Approved | | Crime, Mystery, Thriller | 11 August 1957 (USA)
A tavern owner in Portland, Oregon gets involved in a struggle for power between two gangs attempting to control the unions. When his young daughter is attacked by one of the gangsters, he ... See full summary »

Director:

(as Harold Schuster)

Writer:

(original screenplay)

Cast overview:
...
George Madison
...
Ruth Madison
...
Clara Madison
Lawrence Dobkin ...
Garnell (as Larry Dobkin)
Joseph Marr ...
Larry (as Joe Marr)
Rusty Lane ...
Tom Carmody
...
Iris

A tavern owner in Portland, Oregon gets involved in a struggle for power between two gangs attempting to control the unions. When his young daughter is attacked by one of the gangsters, he joins the faction fighting against the syndicate and gets important evidence via a tape recorder. He is discovered and he and his daughter are threatened but honest union men, come to his aid. Written by Les Adams <longhorn1939@suddenlink.net>


mob | union | tavern | bar | goon | See All (139) »

Taglines:

Revealed shock by shock...sin by sin! See more »


Certificate:

Approved | See all certifications »

11 August 1957 (USA)  »

Also Known As:

Terror in Portland City  »



(RCA Sound Recording)

Aspect Ratio:

1.85 : 1

 
Some highly charged scenes, and a feel for 1950s innocence in America
29 October 2010 | by (United States) – See all my reviews

Portland Express (1957)

Overall, this is often a stilted affair, and it begins and ends with a canned voice-over about Portland, the Oregon city at the center of this unlikely crime scenario. And for people looking for noir, this is not noir at all, though it does have a kind of throwback to some gangster thugs, and there is a good twenty minutes of night stuff that has a noir look.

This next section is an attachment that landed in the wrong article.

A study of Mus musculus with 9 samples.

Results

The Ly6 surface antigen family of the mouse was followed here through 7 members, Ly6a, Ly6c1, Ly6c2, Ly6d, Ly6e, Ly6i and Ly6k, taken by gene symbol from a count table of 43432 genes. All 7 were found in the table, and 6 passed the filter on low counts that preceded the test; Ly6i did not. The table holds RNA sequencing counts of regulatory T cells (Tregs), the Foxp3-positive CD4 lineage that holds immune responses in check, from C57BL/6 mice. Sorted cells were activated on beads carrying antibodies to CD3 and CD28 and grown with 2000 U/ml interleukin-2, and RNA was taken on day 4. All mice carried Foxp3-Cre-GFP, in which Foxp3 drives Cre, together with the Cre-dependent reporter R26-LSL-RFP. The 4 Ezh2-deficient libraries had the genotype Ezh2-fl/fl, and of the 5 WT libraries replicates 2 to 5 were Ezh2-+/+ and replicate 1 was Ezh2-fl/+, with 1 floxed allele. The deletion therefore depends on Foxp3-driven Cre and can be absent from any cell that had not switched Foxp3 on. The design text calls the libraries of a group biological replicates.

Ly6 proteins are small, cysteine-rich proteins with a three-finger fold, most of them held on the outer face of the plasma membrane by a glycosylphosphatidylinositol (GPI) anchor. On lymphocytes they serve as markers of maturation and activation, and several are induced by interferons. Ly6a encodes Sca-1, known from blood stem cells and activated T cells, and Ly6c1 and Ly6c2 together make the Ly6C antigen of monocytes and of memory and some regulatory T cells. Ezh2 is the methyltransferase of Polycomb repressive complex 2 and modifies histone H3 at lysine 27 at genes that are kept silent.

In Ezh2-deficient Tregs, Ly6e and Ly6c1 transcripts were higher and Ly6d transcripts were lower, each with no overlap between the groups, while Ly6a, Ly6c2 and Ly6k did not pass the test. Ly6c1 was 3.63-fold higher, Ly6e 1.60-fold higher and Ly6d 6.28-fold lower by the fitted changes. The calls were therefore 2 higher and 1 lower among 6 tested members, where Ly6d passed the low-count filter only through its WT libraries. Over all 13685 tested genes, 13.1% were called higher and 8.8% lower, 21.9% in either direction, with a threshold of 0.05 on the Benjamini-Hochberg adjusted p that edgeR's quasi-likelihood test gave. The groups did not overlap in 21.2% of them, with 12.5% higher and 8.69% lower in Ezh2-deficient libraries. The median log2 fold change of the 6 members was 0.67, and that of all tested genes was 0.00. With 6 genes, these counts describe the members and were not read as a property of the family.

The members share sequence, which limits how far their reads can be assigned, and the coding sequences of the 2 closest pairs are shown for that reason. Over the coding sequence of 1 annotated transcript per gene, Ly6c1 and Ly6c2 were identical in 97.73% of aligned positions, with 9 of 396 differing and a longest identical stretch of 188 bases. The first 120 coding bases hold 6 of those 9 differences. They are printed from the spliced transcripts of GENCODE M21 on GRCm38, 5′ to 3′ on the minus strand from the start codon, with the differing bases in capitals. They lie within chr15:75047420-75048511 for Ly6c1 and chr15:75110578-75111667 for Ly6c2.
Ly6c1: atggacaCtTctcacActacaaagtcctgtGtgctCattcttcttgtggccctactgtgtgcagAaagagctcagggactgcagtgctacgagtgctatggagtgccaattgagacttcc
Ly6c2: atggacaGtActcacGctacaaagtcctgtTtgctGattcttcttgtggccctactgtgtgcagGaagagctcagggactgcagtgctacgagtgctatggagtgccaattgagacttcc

Portland Express is more about American innocence, and the surprise anachronism of these mobsters in fedoras pressuring a cute roadhouse into using their pinball machines. Which leads to bigger pressures.

The lead man is a small time movie and later t.v. character, Edward Binns, a solid but unexciting actor, sort of perfect for this solid but unexciting town (back then--now I hear it's solid and exciting). And his daughter is a complete unknown who acts her heart out, and really feels like a teenager on the cusp of womanhood in a realistic way. This matters because she becomes central to the plot, including in a harrowing and almost abusive rape scene (it pushes the violence very hard for a movie of this simplicity). But it's a turning point for Binns, the father, and for the plot, as this likable, ordinary family man goes undercover to get the bad guys.

Naturally, we root for him, and see the dismantling of the syndicate. It gets increasingly dark and desperate over time, and a bit unlikely, but you'll still want to watch to the end, when the cavalry arrives--a group of ordinary men in plaid shirts who rush in to save the day. It's not as hilarious as it sounds. There is a quality of really beautiful, ordinary middle-America here that resonates, and that helps show this is really a 1950s movie. It's widescreen black and white, and a genuine slice of its period.